As one leaves the Yamanote loop, one very quickly finds that going east-west across Tokyo is far easier a task than traversing north-to-south. Today's photo set is taken as we made the relatively short, but somewhat indirect trip southwards through the suburbs of Tokyo.
Recently, I've been exploring the use of non-native lenses on the Sony A7R. The short "flange" distance of the Sony E-mount lends itself well to the mounting of almost any lens in existence. In doing so, the sky is the limit. Or more correctly, the lens is the limit (excluding Leica-M mount wide-angle lenses).
There are currently only two FE prime lenses, the superb 55/1,8 which I have had since the beginning of the year, and the supremely underrated Zeiss 35/2,8. This little marvel was chastised throughout internet forums for being "too slow", with its somewhat modest aperture of f/2.8. Many people like to use lenses "wide open" with aperture < f/2 (including me, if suitable), and subsequently wrote-off this lens without even trying it.
That is a mistake. For a 35mm lens, an aperture of f/2.8 on full frame generates around the same depth of field as a 24/1.8 lens on APS-C cameras. I used to have such a lens on my NEX-7, and ended up selling it only to fund the purchase of the (same field-of-view) RX1. The RX1 has a phenomenal 35/2 lens, but even this FE 35/2,8 is almost perfect wide-open. And closed down, it's a marvel.
Further to its excellent optical performance, being a native lens, it has all EXIF data, AF, and is really very tiny. Compared to the RX1, there's almost nothing in it – but remember that the RX1 has a significant portion of its lens within the body. The FE 35/2,8 is a great little lens and I would recommend it in a heartbeat. I'm behind with my reviews, due to a rather busy month, but there's a draft in the works.
As I was saying earlier, there's a lot of fun to be had in mounting all sorts of crazy optics in front of the excellent A7R sensor, but it really shines with native glass. Using lenses optimised for the platform, is a whole other, complete, experience.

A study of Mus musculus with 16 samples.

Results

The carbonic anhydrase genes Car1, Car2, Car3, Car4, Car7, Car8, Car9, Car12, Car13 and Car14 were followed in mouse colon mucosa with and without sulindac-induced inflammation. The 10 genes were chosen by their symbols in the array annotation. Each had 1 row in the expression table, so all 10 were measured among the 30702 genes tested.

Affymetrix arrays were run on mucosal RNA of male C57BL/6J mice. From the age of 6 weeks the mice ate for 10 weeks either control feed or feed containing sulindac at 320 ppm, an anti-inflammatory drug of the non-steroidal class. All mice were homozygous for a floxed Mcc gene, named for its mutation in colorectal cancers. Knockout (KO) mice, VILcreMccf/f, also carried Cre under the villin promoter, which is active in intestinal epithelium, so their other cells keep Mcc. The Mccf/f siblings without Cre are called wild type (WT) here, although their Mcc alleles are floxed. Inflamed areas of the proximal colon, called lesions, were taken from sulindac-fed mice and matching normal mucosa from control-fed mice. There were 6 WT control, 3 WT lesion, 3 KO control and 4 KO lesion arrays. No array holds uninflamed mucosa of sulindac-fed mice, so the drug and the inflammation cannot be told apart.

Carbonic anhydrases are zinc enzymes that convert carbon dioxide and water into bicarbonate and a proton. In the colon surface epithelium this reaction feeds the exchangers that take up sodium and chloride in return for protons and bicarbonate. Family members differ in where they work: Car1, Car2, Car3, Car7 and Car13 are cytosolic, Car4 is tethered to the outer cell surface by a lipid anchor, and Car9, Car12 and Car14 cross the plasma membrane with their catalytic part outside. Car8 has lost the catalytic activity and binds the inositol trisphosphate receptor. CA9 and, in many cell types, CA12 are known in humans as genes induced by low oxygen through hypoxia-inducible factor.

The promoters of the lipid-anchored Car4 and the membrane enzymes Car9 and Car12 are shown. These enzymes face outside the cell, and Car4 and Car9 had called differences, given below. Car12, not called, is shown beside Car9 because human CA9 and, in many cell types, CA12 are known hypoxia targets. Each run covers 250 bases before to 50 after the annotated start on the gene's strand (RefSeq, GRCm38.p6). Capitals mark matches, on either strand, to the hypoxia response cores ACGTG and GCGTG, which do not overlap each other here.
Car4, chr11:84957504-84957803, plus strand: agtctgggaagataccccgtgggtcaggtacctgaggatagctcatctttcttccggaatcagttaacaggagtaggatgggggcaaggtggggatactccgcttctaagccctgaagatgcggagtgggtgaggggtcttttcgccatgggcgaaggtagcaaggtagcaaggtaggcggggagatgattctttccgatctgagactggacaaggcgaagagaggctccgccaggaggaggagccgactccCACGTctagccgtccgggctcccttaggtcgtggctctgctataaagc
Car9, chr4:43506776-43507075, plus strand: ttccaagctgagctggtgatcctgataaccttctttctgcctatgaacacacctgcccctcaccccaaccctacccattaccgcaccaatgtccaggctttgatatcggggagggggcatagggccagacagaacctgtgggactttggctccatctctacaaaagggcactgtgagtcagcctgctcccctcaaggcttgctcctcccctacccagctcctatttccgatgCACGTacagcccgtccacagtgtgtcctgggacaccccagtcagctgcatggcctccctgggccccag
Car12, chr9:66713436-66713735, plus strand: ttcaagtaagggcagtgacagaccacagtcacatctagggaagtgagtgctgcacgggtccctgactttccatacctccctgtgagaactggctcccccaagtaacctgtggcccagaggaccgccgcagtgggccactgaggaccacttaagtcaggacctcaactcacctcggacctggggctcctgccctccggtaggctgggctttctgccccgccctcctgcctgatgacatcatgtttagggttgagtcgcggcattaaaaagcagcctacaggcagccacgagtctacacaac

I still feel as though I've yet to find my legs with the ~ 50mm focal length. The only way I will do so, is with hours of practice, and many shots. The lens is the best piece of optics I think I've ever used – even better than the lens on the RX1 in many respects.
For example, check out the above photo. This is a ~ 50% crop of the original file. I focussed on the fly using the excellent focus peaking feature of the Sony cameras, and fired off the shot. The lens leaves for nothing – I think it's out resolving the A7R 36MP sensor by some margin.
I used the same technique (note identical exif – I was shooting in full manual mode), to take the above shot (100% crop) of the little fly taking a well-earned rest. This shot shows the quality of the near-scene bokeh character of this lens.
Back into the narrow streets, I switched back to the 35mm lens for a wider field of view. We'd set on foot from our place in Setagaya a little later than we wanted and didn't manage to visit a place we rather wanted to, but we're heading there today instead.
As for the camera/lens discussion, I think I'll finish off by saying that one should only really expect native lenses to excel for any particular platform, and the two Zeiss primes do exactly that for the Sony FE & A7(R) system. It is easy to take a bad photograph, even with the best cameras in the world. A truly powerful image remains powerful, independent of lens, exif info, settings, format, and other quantifiers. It transcends to another dimension, able to stand alone, independent of such trivia.
But, it's nice to buy a shiny new toy every once in a while, isn't it?